Mourning a dissertation

No Escape, a work by Judith Carlin, showing how unescapable depression can seem.
No Escape, a work by Judith Carlin, showing how unescapable depression can seem. Licensed under Creative Commons

This is tough to admit. I’m depressed. To many who have experienced this before me, it’s known as the Post-PhD Blues or Post-Doc Slump. Call it what you like, but just like other forms with their own nicknames, this is depression. No one ever told me about that part of a PhD program.

For me, this depression started after I sent my first “final” draft of my complete dissertation. It was so anti-climactic, attaching the very thing that consumed my every free moment, kept me from lazy weekends with my family, and created my distracted existence…to an email. I honestly thought, “Wow. That’s it!?”  I told Chris that I sent my first final draft and he seemed nonplussed. Maybe I was depending on him too much to reassure me of the excitement of the situation; that excitement I lacked. He said he just didn’t want to get my hopes up.

I felt a panic to start the job search. After the spring semester, my job ended. I have no job. At least not one with a paycheck. Chris assured me to not panic and just to focus on my dissertation, because without that there was no PhD, and without that, no academic career.

A couple of days later Kari and I left for Florida. I had a great time and was able to relax. I do admit to checking my email each time we went back to the condo to see if I had yet received revisions. I felt empty when I found none. Eventually, they did come and I felt like I had a purpose again! I stayed up late after she went to bed working on my paper. It was like an addiction, one I didn’t want, but one that gave me meaning and purpose.

After my defense on July 21, I was happy but maybe not as happy as I should have been when my advisor and committee came back in and said, “Congratulations, Doctor.”

Chris had a meeting to go to that afternoon immediately after my defense, so while Chris was in his meeting, I made the changes to my dissertation at a Starbucks. I kept thinking to myself, “Doctor. I couldn’t be a doctor. Not me. What did I do to earn this? I didn’t earn this.”

I still don’t know what I did that was enough to earn my PhD. Am I really smart enough? What do I really know? The saying “the more you know, the more you know you don’t know” is very true. I know nothing.

On August 13, all of my friends and family were really nice to get together with me to celebrate. It’s so kind of them – it made me tear up. I do appreciate them all taking the time to come to dinner to celebrate with me. On the way there, we are about 5 minutes from the restaurant and I tell Chris this is hard for me. I’m a fraud. I tell him I appreciate him organizing this dinner, but I feel like I don’t really deserve it. He gives me a look and I suck it up. I get over myself.

Imposter syndrome is hard to live with. You’re not sure why or how you’re successful and you’re sure you don’t deserve the success you have. This has been me my whole life. I know it seems like I’m ungrateful for the luck I have had in my life, but I’m really not. It’s really “confusing” to me about how I got here.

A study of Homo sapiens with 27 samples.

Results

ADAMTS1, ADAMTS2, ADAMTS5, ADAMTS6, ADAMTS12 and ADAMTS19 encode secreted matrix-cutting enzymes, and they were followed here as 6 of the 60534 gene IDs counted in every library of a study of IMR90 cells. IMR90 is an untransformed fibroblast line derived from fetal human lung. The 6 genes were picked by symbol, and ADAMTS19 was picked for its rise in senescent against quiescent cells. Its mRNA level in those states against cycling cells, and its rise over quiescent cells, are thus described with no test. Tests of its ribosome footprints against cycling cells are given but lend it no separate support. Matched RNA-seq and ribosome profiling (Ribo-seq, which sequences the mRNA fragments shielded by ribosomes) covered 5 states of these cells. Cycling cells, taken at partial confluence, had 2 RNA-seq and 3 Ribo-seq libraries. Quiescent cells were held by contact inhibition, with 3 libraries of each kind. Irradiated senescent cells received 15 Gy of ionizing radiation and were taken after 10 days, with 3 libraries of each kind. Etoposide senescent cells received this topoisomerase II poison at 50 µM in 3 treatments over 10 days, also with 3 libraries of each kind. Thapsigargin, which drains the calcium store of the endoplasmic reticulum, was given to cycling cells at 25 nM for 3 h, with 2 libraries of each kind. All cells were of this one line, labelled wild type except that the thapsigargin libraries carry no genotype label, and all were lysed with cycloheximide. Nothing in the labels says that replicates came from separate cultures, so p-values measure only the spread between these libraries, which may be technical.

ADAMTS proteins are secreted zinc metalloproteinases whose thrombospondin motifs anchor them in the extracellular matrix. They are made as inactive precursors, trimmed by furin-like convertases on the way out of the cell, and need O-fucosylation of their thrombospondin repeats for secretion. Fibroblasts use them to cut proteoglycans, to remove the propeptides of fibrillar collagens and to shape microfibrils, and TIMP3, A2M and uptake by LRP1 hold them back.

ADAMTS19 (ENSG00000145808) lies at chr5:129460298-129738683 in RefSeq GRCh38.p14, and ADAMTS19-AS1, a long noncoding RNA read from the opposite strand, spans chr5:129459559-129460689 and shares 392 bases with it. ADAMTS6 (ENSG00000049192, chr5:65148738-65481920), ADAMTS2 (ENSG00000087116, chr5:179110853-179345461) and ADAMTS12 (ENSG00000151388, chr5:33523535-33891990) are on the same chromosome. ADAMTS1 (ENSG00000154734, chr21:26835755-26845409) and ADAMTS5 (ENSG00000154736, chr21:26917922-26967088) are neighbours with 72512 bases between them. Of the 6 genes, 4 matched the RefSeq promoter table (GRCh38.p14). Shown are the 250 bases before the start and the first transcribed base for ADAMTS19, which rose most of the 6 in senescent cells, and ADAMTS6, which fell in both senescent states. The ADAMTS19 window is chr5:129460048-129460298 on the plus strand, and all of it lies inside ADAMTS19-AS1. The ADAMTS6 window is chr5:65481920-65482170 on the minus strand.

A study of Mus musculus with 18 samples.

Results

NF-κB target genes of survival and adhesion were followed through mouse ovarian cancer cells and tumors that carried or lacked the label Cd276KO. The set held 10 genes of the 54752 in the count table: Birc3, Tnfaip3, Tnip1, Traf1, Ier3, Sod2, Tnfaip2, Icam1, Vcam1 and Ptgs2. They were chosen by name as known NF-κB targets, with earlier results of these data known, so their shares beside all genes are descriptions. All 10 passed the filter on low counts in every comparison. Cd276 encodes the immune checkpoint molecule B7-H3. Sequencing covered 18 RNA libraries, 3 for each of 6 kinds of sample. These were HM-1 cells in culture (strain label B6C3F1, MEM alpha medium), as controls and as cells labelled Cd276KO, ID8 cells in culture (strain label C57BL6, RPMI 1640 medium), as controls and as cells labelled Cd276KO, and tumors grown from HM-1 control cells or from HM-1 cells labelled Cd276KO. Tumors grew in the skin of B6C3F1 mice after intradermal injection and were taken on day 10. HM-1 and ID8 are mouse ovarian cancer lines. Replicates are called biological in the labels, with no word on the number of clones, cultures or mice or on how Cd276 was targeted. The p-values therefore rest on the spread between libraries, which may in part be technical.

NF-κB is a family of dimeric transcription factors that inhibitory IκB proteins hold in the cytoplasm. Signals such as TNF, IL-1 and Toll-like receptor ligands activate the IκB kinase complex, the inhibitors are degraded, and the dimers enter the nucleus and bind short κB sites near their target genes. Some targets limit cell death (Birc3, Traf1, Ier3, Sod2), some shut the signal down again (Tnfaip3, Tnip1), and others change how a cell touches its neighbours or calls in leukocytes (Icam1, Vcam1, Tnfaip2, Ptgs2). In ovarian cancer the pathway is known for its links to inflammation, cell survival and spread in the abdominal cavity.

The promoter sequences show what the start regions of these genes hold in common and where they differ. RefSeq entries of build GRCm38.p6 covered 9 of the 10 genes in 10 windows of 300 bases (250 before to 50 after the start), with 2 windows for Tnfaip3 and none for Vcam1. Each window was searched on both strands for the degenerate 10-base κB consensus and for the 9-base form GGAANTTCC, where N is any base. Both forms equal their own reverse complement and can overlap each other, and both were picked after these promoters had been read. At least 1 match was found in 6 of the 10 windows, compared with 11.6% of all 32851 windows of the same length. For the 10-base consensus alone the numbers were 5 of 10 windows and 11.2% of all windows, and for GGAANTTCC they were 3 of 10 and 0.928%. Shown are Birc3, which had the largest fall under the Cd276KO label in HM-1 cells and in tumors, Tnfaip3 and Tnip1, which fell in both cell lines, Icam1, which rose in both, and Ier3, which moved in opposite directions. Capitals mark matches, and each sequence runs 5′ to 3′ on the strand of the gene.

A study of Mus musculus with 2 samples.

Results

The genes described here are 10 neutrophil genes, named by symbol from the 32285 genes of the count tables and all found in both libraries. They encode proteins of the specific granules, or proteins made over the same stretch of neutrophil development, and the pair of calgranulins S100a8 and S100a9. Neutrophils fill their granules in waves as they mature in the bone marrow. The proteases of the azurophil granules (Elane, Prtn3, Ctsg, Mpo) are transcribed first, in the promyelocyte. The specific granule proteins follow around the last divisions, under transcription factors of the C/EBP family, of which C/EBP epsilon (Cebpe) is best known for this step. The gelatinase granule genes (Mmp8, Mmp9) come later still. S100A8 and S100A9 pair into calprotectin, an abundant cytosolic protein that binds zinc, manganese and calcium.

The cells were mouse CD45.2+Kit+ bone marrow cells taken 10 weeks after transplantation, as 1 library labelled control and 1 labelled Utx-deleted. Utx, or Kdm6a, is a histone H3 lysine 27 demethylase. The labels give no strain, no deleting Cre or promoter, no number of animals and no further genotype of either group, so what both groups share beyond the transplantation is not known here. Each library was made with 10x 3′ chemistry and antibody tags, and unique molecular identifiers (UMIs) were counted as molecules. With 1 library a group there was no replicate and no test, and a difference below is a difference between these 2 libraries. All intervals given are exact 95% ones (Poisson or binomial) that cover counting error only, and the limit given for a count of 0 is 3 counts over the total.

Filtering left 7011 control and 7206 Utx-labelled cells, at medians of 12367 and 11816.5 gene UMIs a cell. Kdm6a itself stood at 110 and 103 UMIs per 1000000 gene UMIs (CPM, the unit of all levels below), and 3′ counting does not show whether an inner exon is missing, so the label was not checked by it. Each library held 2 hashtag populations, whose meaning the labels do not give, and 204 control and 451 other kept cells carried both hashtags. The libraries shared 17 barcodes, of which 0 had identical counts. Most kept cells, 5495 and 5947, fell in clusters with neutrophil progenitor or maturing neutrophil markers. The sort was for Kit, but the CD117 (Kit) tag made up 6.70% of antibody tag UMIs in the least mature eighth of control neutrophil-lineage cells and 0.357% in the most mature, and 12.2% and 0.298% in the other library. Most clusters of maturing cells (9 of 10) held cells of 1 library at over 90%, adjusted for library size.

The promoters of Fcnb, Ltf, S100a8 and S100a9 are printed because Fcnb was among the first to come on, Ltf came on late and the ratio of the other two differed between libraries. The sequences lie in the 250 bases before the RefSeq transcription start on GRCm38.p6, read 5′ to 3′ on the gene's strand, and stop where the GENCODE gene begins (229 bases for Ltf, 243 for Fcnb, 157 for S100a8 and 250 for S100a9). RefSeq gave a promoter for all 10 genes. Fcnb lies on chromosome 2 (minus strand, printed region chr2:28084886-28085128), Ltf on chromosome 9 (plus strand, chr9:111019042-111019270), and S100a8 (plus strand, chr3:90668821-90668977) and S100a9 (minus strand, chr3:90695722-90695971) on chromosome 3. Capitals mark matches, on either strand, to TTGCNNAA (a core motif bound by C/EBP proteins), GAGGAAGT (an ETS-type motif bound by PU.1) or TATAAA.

After earning my PhD, the uncertainty really began. What would I do? What could I do? What jobs can I get that really challenge me while offering the flexibility I need as a parent?

Chris and I are a team, and he told me not to take a job to just have a job. He said I worked too hard for too long just to get a job. I love that I get to be intentional in my job search. For now, while casually searching, I’m enjoying my sabbatical from school and work. I get to enjoy my kids. Go biking and running. I am volunteering for education organizations, which does take a lot of time, but it’s from home and I can do the work whenever in the day I want.

Some days are harder than others – the days when I’m not busy are the hardest. Sometimes I get a pinch in my chest making me feel like I should to be doing something else – editing, reading, writing – working. I feel sad that I’m not working in a traditional job utilizing my PhD, but maybe I can be more outside a traditional job.

I do like the idea of making my own way, researching what I find to be needed, collaborating with colleagues and friends I choose, presenting the research found, and setting my own hours. I feel like I can make a larger impact that way.

It’ll just take time to get comfortable with ambiguity. With not having a consistent paycheck. With being my own cheerleader. I’m getting better at relaxing. I’m getting better at it all…slowly. And some days will still be tough.

I submitted a PechaKucha talk to an upcoming convention. The topic: Post-PhD Blues. Today is a good day. I can objectively talk about it, but, just a couple of days ago. Tuesday was a really bad day. Sometimes depression can feel inescapable, and now I have a small taste of what that is.

2 thoughts on “Mourning a dissertation”

  1. Thank you for sharing this Jackie! Know that you are brilliant and definitely not alone. Take pride in your work and look forward to what lies ahead. If you EVER need it, we always have the Mudhouse??!